In recent years, a plethora of bionic hands have emerged for amputees. However, surveys of those using such artificial hands have revealed that up to 50 percent of amputees do not use theprosthesis regularly, due to poor functionality, appearance and controllability.
So, to improve the amount of dexterity and sensation of these bionic hands, scientists reasoned they could use interfaces that link the hands with the nervous system, potentially enabling intuitive control and realistic sensory feedback.
"Our dream is to have Luke Skywalker getting back his hand with normal function," researcher Silvestro Micera told TechNewsDaily, referencing the hero in "Star Wars" who gets an artificial hand after his real one is cut off.
Micera is the head of the translational neural engineering lab at the Swiss Federal Institute of Technology in Lausanne, Switzerland, which is one of the collaborators helping to develop the new bionic hand.
In a four-week clinical trial, Micera and his colleagues found they could improve the sensory feedback an amputee received from bionics by using electrodes implanted into the median and ulnar nerves in the arm near the stump. This helped deliver feelings of touch.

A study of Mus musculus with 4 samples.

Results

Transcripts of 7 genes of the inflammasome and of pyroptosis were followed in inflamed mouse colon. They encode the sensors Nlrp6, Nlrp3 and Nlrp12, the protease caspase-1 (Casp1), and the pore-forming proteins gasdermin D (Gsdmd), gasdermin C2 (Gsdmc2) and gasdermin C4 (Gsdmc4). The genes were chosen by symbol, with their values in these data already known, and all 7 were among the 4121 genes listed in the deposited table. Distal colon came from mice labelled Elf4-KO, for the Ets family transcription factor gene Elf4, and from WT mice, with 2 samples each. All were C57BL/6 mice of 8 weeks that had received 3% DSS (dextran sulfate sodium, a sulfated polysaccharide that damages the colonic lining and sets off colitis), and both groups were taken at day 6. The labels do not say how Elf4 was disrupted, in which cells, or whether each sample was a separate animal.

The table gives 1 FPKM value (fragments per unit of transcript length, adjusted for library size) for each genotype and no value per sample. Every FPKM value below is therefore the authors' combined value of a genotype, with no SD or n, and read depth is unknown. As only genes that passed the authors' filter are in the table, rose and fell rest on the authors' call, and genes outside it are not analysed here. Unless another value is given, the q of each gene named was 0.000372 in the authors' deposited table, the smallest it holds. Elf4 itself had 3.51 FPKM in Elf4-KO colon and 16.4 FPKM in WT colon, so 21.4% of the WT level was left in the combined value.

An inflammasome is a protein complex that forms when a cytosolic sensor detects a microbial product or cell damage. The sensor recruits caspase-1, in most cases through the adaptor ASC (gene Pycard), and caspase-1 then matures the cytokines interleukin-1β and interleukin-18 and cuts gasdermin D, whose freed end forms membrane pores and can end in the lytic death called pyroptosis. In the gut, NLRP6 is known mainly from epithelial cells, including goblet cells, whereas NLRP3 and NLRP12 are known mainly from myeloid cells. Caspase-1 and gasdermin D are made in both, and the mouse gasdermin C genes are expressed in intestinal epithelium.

In addition, the researchers analyzed motor neural activity from the nerves, signals used to help control muscles. They found they could tease out signals related to grasping to help control a prosthetic hand placed near the amputee but not physically attached to the person's arm. In other words, it may be possible to develop an artificial hand that can transmit signals to and respond to data from the brain. "We could be on the cusp of providing new and more effective clinical solutions to amputees in the next years," Micera said.